The action wasn't fast on St. Patrick's Day, but it still produced a full bag of yellow perch. / Patrick Durkin/Press-Gazette Media correspondent
Tim Watson, Waunakee, steps out of his portable ice-fishing shanty March 17 on Lake Mendota. / Patrick Durkin/Press-Gazette Media correspondent
Judging by their green flanks, orange fins and white bellies, even the yellow perch flopping atop the ice fit the St. Patrick’s Day theme March 17 as I fished Lake Mendota with lifelong friend Tim Watson.
When we first discussed getting together to fish a few weeks earlier and chose St. Patrick’s Day, we assumed we’d end up north of Eau Claire, Wausau or Green Bay. After all, I’ve fished walleyes on the Wolf River on St. Patrick’s Day some years, and seldom went ice fishing so late into March.
But then winter hung on.
So, I wasn’t surprised when Watson emailed around March 12 to ask if I wanted to try ice fishing on Lake Mendota, near his home in Waunakee. He’d been catching perch all winter on the Madison area’s largest lake, and said he would have time to scout new areas and test new baits if his favorites weren’t producing. That sounded fine to me.
Watson was stirring steel-cut oatmeal and pouring fresh coffee when I arrived at his home about 6 a.m. the following Monday. After we ate breakfast and caught up on family news, I asked if he’d caught any perch over the weekend.
I know to brace for partly cloudy news when answers begin with a long “Well, ... ” as in:
Well, he had been out the day before, but only for a couple of hours.
“And ... ?”
Well, it had been really windy.
“And ... ?”
Well, he hadn’t taken the shanty, and just bounced around to different holes.
“And ... ?”
Well, he’d gotten a few perch, but it was slow.
“OK. Well, how thick’s the ice?”
Watson’s slight eye roll implied Mendota’s ice could support an M1 Abrams tank.
“My father-in-law called me a liar when I told him it was still 2 feet thick,” Watson said. “It’s at least that, and it’s solid. There’s no honeycomb. Even the shoreline ice is solid.”
About an hour later, I verified his ice report while scooping ice shavings from the 6-inch holes Watson drilled near his ATV and the portable shanty hitched behind. His scooper has a 2-foot wooden handle with handwritten measurements down its length. By kneeling beside the hole and plunging the scooper to its butt, I could hook the scoop to the icy rim below. Yep. Two feet.
Watson finished his drill work by punching three holes in a line about 40 inches long. He then pulled the sled alongside and popped open the portable shanty from within. After lighting his propane heater and lowering the depth finder’s transducer into the center hole, he handed me a stubby ice-fishing rod and a small plastic jar with fresh minnows.
“Hook a minnow through its head, pinch off its body behind the gills, and drop it down,” he instructed. “Fish it right off the bottom. If you see flashes of yellow, black or green on the depth finder, that’s fish. Get ready.”
We were in about 37 feet of water, just a few yards down from the lip of an underwater cliff that plunged from about 30 feet to 60 feet. If we had been standing on the bottom, we’d be at the head of a draw just where it narrows to start its plummet through a narrow gorge.
Most other fishermen were a mile or more out from us, working the 70-foot depths. Watson said they’d been doing well out there, too, but he preferred shallower waters. If nothing else, it’s easier to decipher the finer details flashing across the depth finder’s screen.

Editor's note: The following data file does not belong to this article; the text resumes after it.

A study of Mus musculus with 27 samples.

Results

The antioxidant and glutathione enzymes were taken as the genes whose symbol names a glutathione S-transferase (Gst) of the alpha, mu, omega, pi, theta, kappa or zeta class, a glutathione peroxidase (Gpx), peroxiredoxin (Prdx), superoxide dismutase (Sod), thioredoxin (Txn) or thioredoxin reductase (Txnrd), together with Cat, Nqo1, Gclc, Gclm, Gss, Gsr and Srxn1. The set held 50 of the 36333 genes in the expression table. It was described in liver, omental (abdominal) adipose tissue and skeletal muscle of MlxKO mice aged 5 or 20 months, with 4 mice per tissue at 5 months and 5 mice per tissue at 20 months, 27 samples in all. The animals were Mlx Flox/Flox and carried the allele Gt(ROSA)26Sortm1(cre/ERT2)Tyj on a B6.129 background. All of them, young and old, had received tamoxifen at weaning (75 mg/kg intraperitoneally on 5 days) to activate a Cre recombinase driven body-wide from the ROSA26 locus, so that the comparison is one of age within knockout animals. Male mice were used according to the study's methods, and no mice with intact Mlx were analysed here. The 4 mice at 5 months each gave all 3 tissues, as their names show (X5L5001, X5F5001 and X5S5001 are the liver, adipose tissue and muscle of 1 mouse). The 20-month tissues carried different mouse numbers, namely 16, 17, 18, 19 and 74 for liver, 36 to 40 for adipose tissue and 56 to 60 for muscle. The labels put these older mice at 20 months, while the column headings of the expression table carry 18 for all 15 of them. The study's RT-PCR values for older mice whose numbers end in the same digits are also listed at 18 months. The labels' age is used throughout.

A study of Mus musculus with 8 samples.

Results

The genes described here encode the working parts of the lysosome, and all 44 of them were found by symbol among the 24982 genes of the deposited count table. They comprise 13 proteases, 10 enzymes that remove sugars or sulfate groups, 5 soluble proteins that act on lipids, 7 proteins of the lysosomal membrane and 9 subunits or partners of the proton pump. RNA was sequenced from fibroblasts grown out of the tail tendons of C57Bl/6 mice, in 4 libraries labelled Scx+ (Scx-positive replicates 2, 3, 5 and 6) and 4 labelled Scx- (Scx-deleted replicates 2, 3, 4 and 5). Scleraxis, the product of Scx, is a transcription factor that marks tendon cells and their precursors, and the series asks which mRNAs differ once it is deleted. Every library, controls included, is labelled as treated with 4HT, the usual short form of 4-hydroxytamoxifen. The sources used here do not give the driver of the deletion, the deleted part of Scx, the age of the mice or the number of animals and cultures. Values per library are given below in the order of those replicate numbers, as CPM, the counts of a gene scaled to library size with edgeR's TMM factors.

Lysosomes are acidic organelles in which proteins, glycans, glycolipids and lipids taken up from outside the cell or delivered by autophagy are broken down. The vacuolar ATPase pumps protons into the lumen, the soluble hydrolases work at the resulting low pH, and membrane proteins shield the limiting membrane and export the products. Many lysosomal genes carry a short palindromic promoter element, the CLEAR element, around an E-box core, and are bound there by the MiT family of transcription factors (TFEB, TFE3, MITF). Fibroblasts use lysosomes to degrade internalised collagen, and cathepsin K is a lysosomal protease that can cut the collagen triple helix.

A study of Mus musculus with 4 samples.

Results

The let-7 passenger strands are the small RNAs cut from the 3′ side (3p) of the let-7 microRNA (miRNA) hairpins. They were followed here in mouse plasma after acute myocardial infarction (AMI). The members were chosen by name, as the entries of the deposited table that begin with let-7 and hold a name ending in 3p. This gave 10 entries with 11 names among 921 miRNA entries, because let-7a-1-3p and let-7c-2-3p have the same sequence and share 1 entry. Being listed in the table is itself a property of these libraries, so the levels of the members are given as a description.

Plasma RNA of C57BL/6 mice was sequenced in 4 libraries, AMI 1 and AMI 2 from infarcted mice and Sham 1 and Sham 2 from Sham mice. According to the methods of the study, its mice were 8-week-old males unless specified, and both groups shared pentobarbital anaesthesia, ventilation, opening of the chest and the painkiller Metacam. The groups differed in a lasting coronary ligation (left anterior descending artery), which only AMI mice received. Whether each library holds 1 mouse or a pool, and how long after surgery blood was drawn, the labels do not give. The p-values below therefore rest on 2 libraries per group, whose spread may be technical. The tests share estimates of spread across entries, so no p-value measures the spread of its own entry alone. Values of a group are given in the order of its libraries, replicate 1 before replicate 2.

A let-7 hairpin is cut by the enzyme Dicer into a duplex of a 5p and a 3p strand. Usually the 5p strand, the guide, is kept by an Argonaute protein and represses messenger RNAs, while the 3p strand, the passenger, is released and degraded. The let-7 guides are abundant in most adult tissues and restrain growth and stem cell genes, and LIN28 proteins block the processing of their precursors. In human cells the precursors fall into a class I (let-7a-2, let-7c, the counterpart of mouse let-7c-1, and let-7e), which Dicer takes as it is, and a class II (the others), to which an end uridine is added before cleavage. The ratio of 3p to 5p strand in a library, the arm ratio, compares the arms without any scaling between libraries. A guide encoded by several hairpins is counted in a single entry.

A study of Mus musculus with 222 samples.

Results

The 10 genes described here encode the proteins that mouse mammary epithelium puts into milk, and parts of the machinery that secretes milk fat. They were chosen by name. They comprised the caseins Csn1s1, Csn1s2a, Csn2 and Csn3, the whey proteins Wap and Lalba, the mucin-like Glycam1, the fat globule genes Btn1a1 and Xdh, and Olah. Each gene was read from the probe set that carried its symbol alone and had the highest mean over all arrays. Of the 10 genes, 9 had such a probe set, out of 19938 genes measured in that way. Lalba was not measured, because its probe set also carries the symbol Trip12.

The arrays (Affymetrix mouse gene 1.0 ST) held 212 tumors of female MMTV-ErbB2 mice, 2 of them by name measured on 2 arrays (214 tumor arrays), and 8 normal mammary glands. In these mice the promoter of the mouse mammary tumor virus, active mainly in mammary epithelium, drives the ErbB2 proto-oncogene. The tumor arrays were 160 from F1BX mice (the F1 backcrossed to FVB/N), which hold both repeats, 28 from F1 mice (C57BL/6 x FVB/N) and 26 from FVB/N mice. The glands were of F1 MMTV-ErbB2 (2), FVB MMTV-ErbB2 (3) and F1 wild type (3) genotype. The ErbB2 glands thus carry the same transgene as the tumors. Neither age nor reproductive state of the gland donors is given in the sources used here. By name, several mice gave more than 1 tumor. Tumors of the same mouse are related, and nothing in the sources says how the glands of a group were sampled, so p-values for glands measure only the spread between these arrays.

A few minutes passed without a bite, and Watson began fussing and fidgeting, obviously worried that the perch wouldn’t cooperate.
“The water really looks stained today,” he said. “Where’s that coming from? It wasn’t stained here yesterday, and I don’t think there’s been much runoff.”
I know an excuse when I hear one, but kept still.
About 15 minutes into our effort, Watson nodded toward the screen. “Those are fish,” he said as a rainbow of flashing colors obscured the narrow bars made by our baits. As if on cue, he set the hook and his lightweight rod bent to the weight of a fighting fish. Seconds later, Watson slid a fat 9-inch perch into his free hand, unhooked it and tossed it into the shanty’s corner.
That’s pretty much how the next six hours passed. The perch never bit fast, we never reeled up a double, and we never moved the shanty in hopes of finding traveling schools of active feeders.
In fact, I never left my seat. Watson, however, occasionally walked outside with his fishing pole to prospect hole to hole. That’s how he caught the first of four walleyes we reeled up and released. Mendota’s walleye season was closed. Even so, only one met its 18-inch size limit.
“Look at this,” Watson had said while poking his head back into the shanty. He held up a sleek, silvery, torpedo-shaped walleye, and slid it into the shanty’s nearest hole. The walleye’s tail flicked back and forth, driving it down the narrow passageway to freedom.
About noon, Watson broke out our sandwiches and studied a new fishing app on his iPhone that was supposed to predict minor and major feeding periods. We tried between bites to recall any distinct feeding-activity patterns in the perch we’d caught. Nothing stood out, however, other than our preference for lunchtime.
Around 2 p.m., Watson poured perch from the plastic shopping bag to count our catch. We had 19 fish, so we agreed to try another half-hour to land a 20th. When that failed, I blamed him.
“If you hadn’t lost that big perch in the hole this morning, we would have had 20,” I said. “Butterfingers. You know, I wouldn’t have lost the handle. I probably would have hooked it better, too.”
After all, I was wearing some green for good luck. It’s not often that one gets to ice fish southern Wisconsin on St. Patrick’s Day.